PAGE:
H. G. Wells “The Open Conspiracy” Part 5
Comments on The Open Conspiracy by H. G. Wells, Part 5
By Alan Mercer
Revised PDF version of whole series
From The Open Conspiracy and Other Writings, 1933, Waterlow & Sons Ltd., London
Continuing from Part 4:
Ch. VII “What Mankind Has to Do”
“What are the new forms that it is thus proposed to impose upon human life, and how are they to be evolved from or imposed upon the current forms? And against what passive and active resistance has this to be done?” (p.30)
Again, he dresses his ideas up in a cloak of pacifism:
“But here we are writing for the modern-minded, and for them it is impossible to think of the world as secure and satisfactory until there exists a single world commonweal, preventing war and controlling those moral, biological, and economic forces and wastages that would otherwise lead to wars…”
So the theory he is espousing is that nations just naturally decide to go to war over resources, (always supposedly running out). They can’t find any possible way to get along with each other and share resources for some reason. He doesn’t mention the private interests that profit from war. What he’s really saying is that if nations don’t submit to a single world government, then wars will just get worse and worse. But when they submit to world government, with the control freaks in charge, everything will be just right, everybody will be doing things the same way, and the control freaks will feel secure. And they won’t need to play off nations against each other anymore. With independent nations out of the way, having been slowly undermined from within, looting will be easier and targets of resistance will be softer. However, Wells just doesn’t put it like that.
He explains how the new order will operate non-democratically:
“… in a polyglot world a parliament of mankind or any sort of council that meets and talks is an inconceivable instrument of government. The voice will cease to be a suitable vehicle. World government, like scientific process, will be conducted by statement, criticism, and publication that will be capable of efficient translation.” (p. 31)
Wells describes this elitist technocratic form of government:
“…we should have the collective affairs of the world managed by suitably equipped groups of the most interested, intelligent, and devoted people, and that their activities should be subjected to a free, open, watchful criticism….” (p. 31)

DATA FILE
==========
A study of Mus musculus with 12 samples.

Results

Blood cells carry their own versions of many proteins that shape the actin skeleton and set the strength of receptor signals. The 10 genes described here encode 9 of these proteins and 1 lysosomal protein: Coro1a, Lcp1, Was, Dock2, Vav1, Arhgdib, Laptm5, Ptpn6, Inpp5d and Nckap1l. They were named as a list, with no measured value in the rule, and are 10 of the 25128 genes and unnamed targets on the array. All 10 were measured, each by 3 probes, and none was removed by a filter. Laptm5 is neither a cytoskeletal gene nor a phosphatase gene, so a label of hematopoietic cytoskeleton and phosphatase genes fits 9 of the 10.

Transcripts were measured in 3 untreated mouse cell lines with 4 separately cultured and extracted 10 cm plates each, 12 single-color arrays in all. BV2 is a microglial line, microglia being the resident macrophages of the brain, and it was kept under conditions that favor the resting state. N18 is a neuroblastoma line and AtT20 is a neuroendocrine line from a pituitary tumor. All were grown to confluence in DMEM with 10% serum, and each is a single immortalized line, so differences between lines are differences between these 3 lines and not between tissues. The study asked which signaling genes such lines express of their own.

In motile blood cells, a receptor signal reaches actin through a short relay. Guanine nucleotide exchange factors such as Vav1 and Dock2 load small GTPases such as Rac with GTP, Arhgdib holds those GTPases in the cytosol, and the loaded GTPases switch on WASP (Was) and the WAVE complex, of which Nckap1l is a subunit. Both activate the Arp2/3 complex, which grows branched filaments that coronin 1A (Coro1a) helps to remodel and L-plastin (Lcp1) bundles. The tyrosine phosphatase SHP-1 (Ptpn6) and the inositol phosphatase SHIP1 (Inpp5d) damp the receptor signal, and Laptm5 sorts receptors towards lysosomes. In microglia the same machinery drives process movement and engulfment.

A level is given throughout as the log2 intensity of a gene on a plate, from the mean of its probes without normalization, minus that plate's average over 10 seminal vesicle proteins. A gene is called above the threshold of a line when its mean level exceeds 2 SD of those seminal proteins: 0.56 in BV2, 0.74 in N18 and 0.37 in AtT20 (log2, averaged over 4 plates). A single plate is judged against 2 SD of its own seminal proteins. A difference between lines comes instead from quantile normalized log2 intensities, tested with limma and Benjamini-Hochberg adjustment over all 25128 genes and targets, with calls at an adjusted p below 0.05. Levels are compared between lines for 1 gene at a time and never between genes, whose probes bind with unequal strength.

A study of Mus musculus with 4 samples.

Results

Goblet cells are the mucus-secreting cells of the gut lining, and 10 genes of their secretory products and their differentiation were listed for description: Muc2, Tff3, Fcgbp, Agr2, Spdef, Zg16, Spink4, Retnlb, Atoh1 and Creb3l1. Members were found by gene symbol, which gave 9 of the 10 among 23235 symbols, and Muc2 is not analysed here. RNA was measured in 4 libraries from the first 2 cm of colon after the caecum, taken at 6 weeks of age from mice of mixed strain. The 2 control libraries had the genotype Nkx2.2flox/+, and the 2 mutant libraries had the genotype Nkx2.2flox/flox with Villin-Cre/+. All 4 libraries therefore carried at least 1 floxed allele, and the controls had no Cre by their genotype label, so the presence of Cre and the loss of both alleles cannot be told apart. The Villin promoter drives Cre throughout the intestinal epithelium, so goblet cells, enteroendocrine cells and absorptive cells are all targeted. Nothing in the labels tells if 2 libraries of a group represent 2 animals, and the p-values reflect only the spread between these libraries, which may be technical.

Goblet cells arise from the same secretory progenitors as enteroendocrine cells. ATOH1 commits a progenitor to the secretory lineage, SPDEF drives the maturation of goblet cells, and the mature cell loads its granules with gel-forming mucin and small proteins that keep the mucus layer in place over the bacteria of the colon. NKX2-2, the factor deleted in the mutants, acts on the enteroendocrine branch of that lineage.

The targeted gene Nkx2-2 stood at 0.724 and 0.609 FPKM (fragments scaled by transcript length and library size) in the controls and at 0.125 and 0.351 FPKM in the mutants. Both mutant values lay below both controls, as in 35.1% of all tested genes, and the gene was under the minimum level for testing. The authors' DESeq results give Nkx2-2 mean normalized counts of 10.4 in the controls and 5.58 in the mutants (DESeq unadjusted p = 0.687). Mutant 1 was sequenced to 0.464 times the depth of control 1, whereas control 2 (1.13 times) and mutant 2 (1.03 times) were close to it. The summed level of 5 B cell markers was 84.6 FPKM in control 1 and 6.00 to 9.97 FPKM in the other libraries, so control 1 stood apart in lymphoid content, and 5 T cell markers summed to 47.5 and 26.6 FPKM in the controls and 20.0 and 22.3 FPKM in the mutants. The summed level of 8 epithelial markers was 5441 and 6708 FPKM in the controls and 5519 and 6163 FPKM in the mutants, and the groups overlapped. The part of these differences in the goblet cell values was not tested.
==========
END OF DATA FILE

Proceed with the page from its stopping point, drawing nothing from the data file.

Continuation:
He breaks down the main groups that make up the Open Conspiracy:
“The Open Conspiracy, the world movement for the supercession or enlargement or fusion of existing political, economic, and social institutions must necessarily, as it grows, draw closer and closer to the questions of practical control. It is likely in its growth to incorporate many active public servants and many industrial and financial leaders and directors…” (p. 32)
So here he mentions the public and private arms of the Open Conspiracy – “public servants” – government bureaucrats – as well as leaders of corporations and financial institutions.
Wells talks about this movement he describes as a type of intelligent and consuming form of life that grows of its own accord:
“It [the Open Conspiracy] may also assimilate great masses of intelligent workers. As its activities spread it will work out a whole system of special methods of co-operation. As it grows, and by growing, it will learn the business of general direction and how to develop its critical function. A lucid, dispassionate, and immanent criticism is the primary necessity, the living spirit of a world civilization. The Open Conspiracy is essentially such a criticism, and the carrying out of such a criticism into working reality is the task of the Open Conspiracy. It will by its very nature be aiming not so much to set up a world direction as to become itself a world direction, and the educational and militant forms of this opening phase will evoke, step by step, as experience is gained and power and responsibility acquired, forms of administration and research and correlation.” (p. 32)
A disturbing analogy comes to mind about this description of the Open Conspiracy. It reminds me of the “Terminator” movies, in which the “Skynet” computer, “built to remove human decisions from strategic defence”, “begins to learn at a geometric rate” and suddenly becomes “self-aware”. Then there was some desperate resistance from the people as things went from bad to worse.